A trip to a fall farm show is an education in what farmers are using to communicate. Just five years ago the sight of a farmer pulling a smartphone from his pocket was rare. Today they’re as commonly used as tractors and other essential equipment. And every fall, there’s a slew of new smartphones that hit the market, creating opportunity for improvement and confusion.
Yet the rising need to keep up with email, market trends and selling opportunities also means you need access to information more readily than in the past. And most of the key information sources these days have also retuned their services to better serve the rising mobile audience.
In fact, the Farm Industry News website and twice-weekly e-newsletter are now designed to work not only on your desktop computer, but also from your phone.
Yet what are the key smartphone factors to consider when buying? The choices come down to: 1. Operating system; 2. Phone size.
First, the operating systems for the most popular cellphones come in two classes: iOS and Android. If you choose iOS, your phone choices are Apple — that’s it. Only Apple products run iOS, so an iPhone 6s or 6s Plus may be in your future.
Apple just launched the 6s and 6s Plus in time for the fall shopping season, and early order indications show that the phone is as popular as ever. In addition, the company has come up with its own payment plan, where you can buy the phone from Apple and determine your carrier — which may work great for farmers with wide-ranging cell coverage choices.
If you prefer Android, you get a lot more choices. Samsung is pushing two hot new phones, the Galaxy S6 and the Edge. The S6 is a larger-screen smartphone that has a crystal-clear screen and a high-resolution camera. The Edge offers a stylus for more interaction with the unit.
If you want choice in phones you’ll find more than Samsung with product. Motorola, HTC, LG and others offer a range of phone choices. You have to know what you want.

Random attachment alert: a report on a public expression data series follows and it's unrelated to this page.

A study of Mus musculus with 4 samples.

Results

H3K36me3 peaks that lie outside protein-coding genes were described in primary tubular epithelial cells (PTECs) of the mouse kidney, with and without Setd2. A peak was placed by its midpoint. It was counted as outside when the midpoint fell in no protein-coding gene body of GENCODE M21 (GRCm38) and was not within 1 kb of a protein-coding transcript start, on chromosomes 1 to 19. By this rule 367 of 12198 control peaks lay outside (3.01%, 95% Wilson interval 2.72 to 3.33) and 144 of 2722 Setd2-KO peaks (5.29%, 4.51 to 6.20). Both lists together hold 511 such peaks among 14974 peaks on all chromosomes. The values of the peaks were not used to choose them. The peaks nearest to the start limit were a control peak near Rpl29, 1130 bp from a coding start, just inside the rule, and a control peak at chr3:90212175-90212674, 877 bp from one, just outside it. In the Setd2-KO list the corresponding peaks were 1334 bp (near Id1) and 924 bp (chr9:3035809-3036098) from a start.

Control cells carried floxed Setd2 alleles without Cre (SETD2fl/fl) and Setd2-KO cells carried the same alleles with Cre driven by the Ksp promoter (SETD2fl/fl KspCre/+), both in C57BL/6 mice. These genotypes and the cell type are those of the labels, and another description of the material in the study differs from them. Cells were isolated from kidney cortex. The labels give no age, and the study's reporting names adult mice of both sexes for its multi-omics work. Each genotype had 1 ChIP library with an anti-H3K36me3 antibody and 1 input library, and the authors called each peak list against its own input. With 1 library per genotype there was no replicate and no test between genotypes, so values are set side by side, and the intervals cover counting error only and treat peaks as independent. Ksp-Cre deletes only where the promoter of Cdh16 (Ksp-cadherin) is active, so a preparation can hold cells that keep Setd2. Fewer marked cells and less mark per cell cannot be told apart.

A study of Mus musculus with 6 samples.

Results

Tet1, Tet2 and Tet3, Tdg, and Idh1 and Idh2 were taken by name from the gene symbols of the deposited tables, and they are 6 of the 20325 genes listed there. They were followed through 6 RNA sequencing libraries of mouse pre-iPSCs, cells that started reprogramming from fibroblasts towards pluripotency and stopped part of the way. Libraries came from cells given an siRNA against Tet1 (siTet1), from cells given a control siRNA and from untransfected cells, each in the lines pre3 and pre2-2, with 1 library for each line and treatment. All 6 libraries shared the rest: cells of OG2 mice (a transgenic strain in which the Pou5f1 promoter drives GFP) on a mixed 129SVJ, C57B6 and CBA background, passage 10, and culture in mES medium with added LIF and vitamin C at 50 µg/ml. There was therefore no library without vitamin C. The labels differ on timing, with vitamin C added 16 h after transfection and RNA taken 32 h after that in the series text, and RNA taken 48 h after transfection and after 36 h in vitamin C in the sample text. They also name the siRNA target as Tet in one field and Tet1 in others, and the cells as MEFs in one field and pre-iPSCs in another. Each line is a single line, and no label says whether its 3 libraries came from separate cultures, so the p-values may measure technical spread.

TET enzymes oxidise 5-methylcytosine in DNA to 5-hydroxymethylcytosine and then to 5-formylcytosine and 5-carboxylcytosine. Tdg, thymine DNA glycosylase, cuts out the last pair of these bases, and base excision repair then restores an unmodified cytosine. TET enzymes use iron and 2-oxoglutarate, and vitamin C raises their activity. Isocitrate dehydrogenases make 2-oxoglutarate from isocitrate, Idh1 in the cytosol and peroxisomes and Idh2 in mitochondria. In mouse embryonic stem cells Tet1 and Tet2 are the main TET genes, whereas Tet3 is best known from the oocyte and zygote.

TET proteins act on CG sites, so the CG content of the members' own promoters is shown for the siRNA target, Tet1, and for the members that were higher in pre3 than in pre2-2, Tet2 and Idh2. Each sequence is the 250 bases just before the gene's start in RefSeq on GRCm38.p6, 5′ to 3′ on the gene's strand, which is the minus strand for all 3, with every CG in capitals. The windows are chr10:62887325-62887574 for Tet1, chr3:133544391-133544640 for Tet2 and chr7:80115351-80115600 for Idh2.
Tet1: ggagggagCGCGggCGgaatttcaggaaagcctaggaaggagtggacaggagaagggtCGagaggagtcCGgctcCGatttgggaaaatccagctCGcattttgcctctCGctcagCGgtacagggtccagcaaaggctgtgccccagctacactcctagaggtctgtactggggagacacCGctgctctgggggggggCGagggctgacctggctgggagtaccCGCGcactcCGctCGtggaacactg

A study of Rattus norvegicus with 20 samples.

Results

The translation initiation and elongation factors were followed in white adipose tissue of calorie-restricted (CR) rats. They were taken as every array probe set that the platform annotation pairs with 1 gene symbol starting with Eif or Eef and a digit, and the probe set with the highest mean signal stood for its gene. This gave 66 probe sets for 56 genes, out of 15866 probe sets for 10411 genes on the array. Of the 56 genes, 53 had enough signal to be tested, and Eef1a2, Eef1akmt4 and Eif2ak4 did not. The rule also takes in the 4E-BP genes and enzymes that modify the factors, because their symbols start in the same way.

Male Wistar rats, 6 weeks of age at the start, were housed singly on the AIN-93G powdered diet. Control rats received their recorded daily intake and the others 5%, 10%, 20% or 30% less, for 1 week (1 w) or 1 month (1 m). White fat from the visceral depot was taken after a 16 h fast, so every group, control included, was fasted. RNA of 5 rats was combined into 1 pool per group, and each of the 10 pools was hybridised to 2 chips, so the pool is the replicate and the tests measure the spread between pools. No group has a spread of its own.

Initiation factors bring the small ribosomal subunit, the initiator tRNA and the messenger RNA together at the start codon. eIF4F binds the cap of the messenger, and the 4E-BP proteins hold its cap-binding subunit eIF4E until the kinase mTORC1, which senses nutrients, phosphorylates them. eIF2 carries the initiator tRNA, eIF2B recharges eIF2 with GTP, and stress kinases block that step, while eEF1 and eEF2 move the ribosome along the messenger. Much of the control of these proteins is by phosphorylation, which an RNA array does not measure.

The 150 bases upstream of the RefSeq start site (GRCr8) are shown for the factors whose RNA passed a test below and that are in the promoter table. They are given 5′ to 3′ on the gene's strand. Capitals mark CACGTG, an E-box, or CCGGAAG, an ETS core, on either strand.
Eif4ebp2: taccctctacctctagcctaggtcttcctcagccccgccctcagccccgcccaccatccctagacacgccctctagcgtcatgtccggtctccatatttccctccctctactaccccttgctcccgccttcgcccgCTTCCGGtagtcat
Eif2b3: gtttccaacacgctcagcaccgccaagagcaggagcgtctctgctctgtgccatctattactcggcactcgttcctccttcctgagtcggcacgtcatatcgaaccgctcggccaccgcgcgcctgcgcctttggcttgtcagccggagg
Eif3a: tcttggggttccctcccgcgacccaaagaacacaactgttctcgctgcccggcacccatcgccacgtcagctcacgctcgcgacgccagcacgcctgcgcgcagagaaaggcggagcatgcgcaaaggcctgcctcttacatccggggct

Second, phones are getting bigger. The iPhone 6s Plus features a larger screen, as does the Samsung S6. If you want more screen space, consider moving up to a bigger phone. That’s a very personal choice.
Key factors to consider once you’ve chose the phone itself:
* System memory — the short answer is the higher the better; pictures and other files you may need for your farm can take up a lot of space.
* Camera definition — in most cases 10 megapixels will serve you, though if you want higher-resolution photography from your phone — perhaps for scouting? — think more megapixels.
* Battery life — a running challenge for these phones. Given that a high-end smart phone is probably good for about eight to 10 hours, your best bet is to have a charger in the tractor or combine.
Your cellular carrier, which can be quite regional, will have a range of options. Not all carriers have access to the iPhone line, but that doesn’t mean you won’t have a solid choice of high-performing Android phones from which to choose.
Decision Time is independently produced by Penton Agriculture and brought to you through the support of Case IH. For more information, visit beready.caseih.com.